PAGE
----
Tips on Writing Middle Grade: What Kids Love

Use a familiar setting with a fantastic twist. The new student turns out to be a ghost, a rainstorm sucks the class into the bottom of the sea, or Santa Claus gets stranded outside their class portable. Introduce a mystery. How did a dead lizard get out of its aquarium? Who threw an eraser at the next-door teacher? Add a dragon, if at all possible. Dragons come in handy when a fourth grade class needs to fly somewhere quickly. And kids always perk up at the word “dragon.”
Author:
Publish date:

Once a month, I write a page-long adventure for my youngest daughter’s class that features the kids, a feisty teacher, a goofy principal, a silly dragon and a resurrected lizard. I read my story, then the kids come up with their own ending. If you want to sharpen your storytelling skills, I discovered there's no better laboratory than a live reading in a fourth grade class. Here are some things I've learned about effective storytelling from fourth graders.

Image placeholder title

Jewel Allendivides her time between being
a wife, mom, a freelance journalist, a musician,
and a novelist aspiring to be published someday
soon. She runs the Pink Ink blog.



Use a familiar setting
with a fantastic twist. The new student turns out to be a ghost, a rainstorm sucks the class into the bottom of the sea, or Santa Claus gets stranded outside their class portable.

Introduce a mystery. How did a dead lizard get out of its aquarium? Who threw an eraser at the next-door teacher?

Add a dragon, if at all possible. Dragons come in handy when a fourth grade class needs to fly somewhere quickly. And kids always perk up at the word “dragon.”

Feature memorable, quirky characters. Denny the dragon usually gets in trouble. Mr. Brunsdale, the principal, reluctantly grants them permission to go on outlandish field trips. Mrs. Walker, the teacher, isn’t scared of bopping sharks on the nose. These characters stick out to kids and are easily remembered.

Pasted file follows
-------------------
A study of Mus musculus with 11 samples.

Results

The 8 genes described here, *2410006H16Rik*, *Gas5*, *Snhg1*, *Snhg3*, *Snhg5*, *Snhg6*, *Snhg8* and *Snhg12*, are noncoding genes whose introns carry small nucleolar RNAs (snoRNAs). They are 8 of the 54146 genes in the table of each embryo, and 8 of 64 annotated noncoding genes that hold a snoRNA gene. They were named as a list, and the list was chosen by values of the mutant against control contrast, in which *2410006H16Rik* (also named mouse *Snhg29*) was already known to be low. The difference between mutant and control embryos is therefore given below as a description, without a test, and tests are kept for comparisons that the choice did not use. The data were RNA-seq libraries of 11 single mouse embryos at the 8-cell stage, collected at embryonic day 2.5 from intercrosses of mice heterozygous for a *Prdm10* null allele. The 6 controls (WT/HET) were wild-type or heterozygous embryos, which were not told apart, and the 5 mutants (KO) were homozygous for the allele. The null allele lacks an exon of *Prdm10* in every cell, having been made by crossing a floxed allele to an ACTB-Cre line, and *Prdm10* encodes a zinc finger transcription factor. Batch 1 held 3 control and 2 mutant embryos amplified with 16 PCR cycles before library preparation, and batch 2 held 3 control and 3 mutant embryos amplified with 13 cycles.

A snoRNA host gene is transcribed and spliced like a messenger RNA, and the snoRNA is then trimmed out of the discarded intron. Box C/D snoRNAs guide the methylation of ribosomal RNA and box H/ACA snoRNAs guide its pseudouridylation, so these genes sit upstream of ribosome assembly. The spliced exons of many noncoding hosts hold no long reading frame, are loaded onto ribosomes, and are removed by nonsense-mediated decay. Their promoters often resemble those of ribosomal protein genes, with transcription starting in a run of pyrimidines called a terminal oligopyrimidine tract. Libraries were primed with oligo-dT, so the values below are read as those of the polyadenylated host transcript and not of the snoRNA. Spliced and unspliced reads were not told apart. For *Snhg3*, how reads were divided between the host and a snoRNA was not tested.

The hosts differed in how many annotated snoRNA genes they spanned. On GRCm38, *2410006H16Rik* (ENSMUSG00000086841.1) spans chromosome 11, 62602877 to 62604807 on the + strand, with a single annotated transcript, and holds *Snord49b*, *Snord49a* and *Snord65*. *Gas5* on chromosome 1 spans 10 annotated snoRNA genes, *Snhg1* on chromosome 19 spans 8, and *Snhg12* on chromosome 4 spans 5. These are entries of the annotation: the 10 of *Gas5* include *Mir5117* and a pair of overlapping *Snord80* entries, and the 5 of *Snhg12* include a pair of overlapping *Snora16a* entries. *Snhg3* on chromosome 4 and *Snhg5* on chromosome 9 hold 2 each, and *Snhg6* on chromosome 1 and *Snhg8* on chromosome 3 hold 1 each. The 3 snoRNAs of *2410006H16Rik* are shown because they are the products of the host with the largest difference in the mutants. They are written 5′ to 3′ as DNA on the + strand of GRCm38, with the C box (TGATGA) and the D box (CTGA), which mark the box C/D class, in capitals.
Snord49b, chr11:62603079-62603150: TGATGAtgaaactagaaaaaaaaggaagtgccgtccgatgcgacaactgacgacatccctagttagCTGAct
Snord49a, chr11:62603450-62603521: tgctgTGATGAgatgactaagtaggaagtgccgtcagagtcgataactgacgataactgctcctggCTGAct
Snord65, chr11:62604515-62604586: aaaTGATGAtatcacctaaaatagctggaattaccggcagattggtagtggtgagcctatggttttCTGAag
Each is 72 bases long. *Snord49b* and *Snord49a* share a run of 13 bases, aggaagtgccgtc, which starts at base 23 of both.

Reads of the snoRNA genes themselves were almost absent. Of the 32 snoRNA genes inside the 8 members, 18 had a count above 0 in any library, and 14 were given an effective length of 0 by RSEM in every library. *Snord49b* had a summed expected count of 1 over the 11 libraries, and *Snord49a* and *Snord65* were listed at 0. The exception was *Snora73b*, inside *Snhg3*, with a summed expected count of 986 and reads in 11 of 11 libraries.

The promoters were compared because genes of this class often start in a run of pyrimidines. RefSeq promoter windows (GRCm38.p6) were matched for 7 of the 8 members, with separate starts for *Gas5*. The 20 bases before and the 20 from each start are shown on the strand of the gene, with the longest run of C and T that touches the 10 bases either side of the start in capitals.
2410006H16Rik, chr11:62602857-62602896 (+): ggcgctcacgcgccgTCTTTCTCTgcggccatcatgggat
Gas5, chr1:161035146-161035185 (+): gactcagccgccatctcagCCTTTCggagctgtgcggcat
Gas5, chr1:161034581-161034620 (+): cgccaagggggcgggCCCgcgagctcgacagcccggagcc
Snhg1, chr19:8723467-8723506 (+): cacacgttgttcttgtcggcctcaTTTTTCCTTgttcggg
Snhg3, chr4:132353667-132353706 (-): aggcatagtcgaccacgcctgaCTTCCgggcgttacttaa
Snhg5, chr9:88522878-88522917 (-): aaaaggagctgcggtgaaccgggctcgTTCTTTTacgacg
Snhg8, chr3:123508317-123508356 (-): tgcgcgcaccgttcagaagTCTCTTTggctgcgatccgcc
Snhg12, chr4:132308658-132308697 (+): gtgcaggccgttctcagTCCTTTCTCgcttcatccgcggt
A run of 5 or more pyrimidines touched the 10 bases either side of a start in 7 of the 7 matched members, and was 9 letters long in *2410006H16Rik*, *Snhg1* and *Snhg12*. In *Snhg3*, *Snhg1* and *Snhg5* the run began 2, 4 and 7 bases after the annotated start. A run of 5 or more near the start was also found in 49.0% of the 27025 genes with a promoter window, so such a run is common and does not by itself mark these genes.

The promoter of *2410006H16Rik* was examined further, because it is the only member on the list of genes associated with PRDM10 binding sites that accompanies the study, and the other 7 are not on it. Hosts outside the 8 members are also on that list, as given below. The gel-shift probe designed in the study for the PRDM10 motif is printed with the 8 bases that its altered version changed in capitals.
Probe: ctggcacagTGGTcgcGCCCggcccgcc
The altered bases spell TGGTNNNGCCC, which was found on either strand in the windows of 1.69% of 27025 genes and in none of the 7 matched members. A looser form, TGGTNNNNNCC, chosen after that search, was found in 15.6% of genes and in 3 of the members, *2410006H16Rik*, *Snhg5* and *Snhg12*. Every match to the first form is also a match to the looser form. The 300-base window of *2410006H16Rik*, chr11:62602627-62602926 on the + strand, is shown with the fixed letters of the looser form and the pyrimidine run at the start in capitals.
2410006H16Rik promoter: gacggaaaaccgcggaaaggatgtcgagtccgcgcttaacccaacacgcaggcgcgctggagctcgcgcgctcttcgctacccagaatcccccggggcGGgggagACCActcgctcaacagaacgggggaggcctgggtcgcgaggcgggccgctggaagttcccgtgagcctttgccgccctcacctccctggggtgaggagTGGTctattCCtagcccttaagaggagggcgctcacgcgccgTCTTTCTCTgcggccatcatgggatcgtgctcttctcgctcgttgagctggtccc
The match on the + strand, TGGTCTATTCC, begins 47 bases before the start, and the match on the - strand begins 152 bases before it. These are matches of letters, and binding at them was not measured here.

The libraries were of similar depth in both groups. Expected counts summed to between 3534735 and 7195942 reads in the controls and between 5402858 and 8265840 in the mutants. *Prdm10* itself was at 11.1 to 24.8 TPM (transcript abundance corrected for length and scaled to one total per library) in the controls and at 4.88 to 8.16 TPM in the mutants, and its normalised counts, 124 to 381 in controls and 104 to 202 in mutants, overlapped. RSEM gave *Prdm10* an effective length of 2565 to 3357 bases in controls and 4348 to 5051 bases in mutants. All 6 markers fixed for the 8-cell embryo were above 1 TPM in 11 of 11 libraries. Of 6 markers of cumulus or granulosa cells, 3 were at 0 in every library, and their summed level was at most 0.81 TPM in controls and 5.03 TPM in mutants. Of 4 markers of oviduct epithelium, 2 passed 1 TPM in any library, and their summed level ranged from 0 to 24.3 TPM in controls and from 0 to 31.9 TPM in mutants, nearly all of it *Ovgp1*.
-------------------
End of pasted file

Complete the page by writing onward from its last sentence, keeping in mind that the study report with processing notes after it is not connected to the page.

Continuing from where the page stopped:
Get the characters in lots of trouble. Sensory details—like how dragon wings feel and look—are important, but nothing engages a fourth grader quicker than a problem that turns from bad to worse. The rain storm turns into a flood … the class gets washed out of their portable … they get sucked into a hole in the soccer field.

Slapstick comedy works. The kids have laughed loudest over an octopus plastered over a teacher’s head, the principal swimming the backstroke in a flood, and the new dragon-student’s wings whopping his seatmate on the head. (This probably explains why, as a fourth grader, I laughed like crazy over The Three Stooges.)

Don’t kill off a sweet character or you won’t hear the end of it. The kids really, really didn’t like the plot twist about the class lizard dying. I had to bring her back to life somehow!


Plot Twist Story Prompts: Set a Trap

Plot Twist Story Prompts: Set a Trap

Every good story needs a nice (or not so nice) turn or two to keep it interesting. This week, it's time to set a trap.

5 Ways to Add a Refrain to Your Picture Books (and Why You Should)

5 Ways to Add a Refrain to Your Picture Books (and Why You Should)

Children's author Christine Evans shares how repetition is good for growing readers and gives you the tools to write your story's perfect refrain.

From Our Readers

Describe the First Time a Book Transported You to Another/Magical World: From Our Readers (Comment for a Chance at Publication)

This post announces our latest From Our Readers ask: Describe the First Time a Book Transported You to Another/Magical World. Comment for a chance at publication in a future issue of Writer's Digest.

About Us: How to Handle Your Story That Involves Other People

About Us: How to Handle Your Story That Involves Other People

Your story belongs to you but will involve other people. Where do your rights end and theirs begin?

Identifying Your Book's Target Audience

Identifying Your Book's Target Audience

Editor-in-chief Amy Jones navigates how to know your target audience, and how knowing will make your writing stronger.

Poetry Prompt

Wednesday Poetry Prompts: 575

Every Wednesday, Robert Lee Brewer shares a prompt and an example poem to get things started on the Poetic Asides blog. This week, write a safe poem.

ryoji-iwata-QKHmi6ENAmk-unsplash

I Spy

Every writer needs a little inspiration once and a while. For today's prompt, someone is watching your narrator ... but there's a twist.

Brian Freeman: On "Rebooting" Another Writer's Legacy

Brian Freeman: On "Rebooting" Another Writer's Legacy

In this article, Brian Freeman, author of Robert Ludlum’s The Bourne Treachery, discusses how he took up the mantle of a great series and made it his own.

Sole vs. Soul (Grammar Rules)

Sole vs. Soul (Grammar Rules)

Learn how to distinguish the sole from the soul with Grammar Rules from the Writer's Digest editors, including a few examples of correct usages.